Legislative leaders announced a tentative agreement Monday for Uber and Lyft driver pay that is lower than the Minneapolis rate — but the companies aren't on board with it.

Drivers' advocates say they are willing to accept the proposed rate of $1.27 per mile and 49 cents per minute, lower than the Minneapolis proposal of $1.40 per mile and 51 cents per minute. The agreement hashed out between DFL leaders and Minneapolis council leaders came just before the bill's hearing Tuesday in the House Labor and Industry Finance Committee.

"We want to be paid," said Eid Ali, executive director of the Minnesota Uber/Lyft Drivers Association, one of the main groups advocating for drivers' interests. The compromise rates are lower than he hoped, but Ali said drivers want to make a show of good faith.

But spokespeople for Uber and Lyft say they were not part of negotiations between legislators and council members, and said the proposal would push them out of Minnesota.

"[S]hould these statewide rates pass, we would be forced to shut down across all of Minnesota, not just Minneapolis," said Lyft spokesperson CJ Macklin in a statement.

"I think that they're bluffing," said House Majority Leader Jamie Long, DFL-Minneapolis, adding the companies were operating profitably with higher rates of pay elsewhere.

City Council President Elliott Payne said in an interview that he and other council members are excited about the agreement for a statewide minimum that still allows local jurisdictions to set their own rates, calling it a "win" for drivers.

"It's a compromise, but you have to give a little in that scenario," Payne said.

Long said he was pleased the Minneapolis council seemed willing to negotiate down from the rates in the city's ordinance.

The rates in the agreement are slightly more than the higher of two rates proposed in a March report from the state Department of Labor and Industry that aimed to get driver pay to the state minimum wage and give drivers benefits, including paid leave and health insurance. The study suggested that 89 cents per mile and 49 cents per minute would boost drivers' pay to about the minimum wage.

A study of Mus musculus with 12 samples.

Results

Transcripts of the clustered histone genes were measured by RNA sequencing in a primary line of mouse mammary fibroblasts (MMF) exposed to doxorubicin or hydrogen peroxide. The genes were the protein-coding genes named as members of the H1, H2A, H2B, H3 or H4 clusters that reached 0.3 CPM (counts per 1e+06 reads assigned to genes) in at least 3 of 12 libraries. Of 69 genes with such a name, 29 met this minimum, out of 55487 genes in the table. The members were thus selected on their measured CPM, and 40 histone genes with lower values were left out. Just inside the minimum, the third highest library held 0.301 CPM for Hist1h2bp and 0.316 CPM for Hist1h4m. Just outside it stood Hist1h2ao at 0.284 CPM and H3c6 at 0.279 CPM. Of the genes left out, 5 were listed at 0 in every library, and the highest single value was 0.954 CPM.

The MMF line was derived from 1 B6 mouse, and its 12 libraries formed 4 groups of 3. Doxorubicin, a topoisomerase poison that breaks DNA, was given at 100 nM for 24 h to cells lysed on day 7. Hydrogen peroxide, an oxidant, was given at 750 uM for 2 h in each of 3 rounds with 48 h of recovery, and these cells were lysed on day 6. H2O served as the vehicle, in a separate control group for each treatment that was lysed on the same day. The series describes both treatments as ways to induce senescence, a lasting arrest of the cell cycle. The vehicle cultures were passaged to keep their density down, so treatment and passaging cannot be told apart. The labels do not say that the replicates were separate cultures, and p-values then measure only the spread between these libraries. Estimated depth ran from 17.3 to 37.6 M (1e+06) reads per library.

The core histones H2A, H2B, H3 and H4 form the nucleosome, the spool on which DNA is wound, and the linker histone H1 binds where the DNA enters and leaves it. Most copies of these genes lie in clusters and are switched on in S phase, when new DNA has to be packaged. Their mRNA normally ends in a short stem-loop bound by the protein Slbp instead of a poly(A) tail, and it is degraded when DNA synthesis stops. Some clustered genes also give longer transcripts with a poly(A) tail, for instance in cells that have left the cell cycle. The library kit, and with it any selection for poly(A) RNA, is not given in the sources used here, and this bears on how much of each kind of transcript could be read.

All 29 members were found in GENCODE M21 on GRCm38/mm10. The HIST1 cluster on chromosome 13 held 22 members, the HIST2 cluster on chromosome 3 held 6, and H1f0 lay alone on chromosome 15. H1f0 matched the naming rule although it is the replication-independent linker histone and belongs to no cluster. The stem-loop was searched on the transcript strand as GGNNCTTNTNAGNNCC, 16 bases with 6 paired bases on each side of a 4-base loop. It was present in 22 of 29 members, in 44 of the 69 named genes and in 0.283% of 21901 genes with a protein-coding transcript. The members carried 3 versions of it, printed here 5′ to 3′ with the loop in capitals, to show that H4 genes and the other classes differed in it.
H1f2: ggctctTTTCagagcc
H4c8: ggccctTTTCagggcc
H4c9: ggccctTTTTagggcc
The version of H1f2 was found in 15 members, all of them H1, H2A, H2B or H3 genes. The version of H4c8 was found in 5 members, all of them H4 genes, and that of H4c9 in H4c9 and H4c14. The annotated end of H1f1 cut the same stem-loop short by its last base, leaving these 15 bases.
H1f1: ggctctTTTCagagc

Gov. Tim Walz vetoed a driver pay minimum bill in 2023. A Walz spokesperson called the legislators' deal a "step in the right direction," but indicated the governor wants to keep talking with lawmakers, the companies and Minneapolis leaders.

Uber spokesperson Josh Gold said the company still sees room for negotiation but wants to be part of the discussions. "Right now, the Legislature seems intent to negotiate with the Minneapolis City Council and not us," he said. Joel Carlson, a Minnesota lobbyist working for Uber, said the company was not consulted on this round of talks.

Republicans also slammed the deal, especially after Uber and Lyft said they would not agree to the rates.

"I don't think Uber and Lyft are bluffing," said Sen. Jordan Rasmusson, R-Fergus Falls. "I think there's a real risk that tens of thousands of Minnesotans are the collateral damage of this reckless policy."

While council members want Uber and Lyft to stay in Minneapolis, Payne said the goal is for drivers to make a minimum wage.

"This isn't about negotiating some amount that they agreed to, this is about coming up with a rate that best captures the real expenses experienced by everyday drivers," Payne said.

Ali, of the drivers' association, said the agreement was not perfect. But he wanted drivers to get something this year, after the disappointment of Walz' veto last year.

Both Ali and Mohamed Egal, who leads the separate Mulda Members Organization for drivers, said they would be happy with the proposed rates.

Neither was concerned about what would happen if Uber and Lyft leave Minnesota, and hoped for more competition to emerge, whether from outside companies, a local drivers' cooperative or even taxi apps.

"We want to make sure we are getting competition into the market so we don't have the same problems we have had in the past, which is a duopoly in Minnesota," Ali said.

Staff writers Louis Krauss and Briana Bierschbach contributed to this report.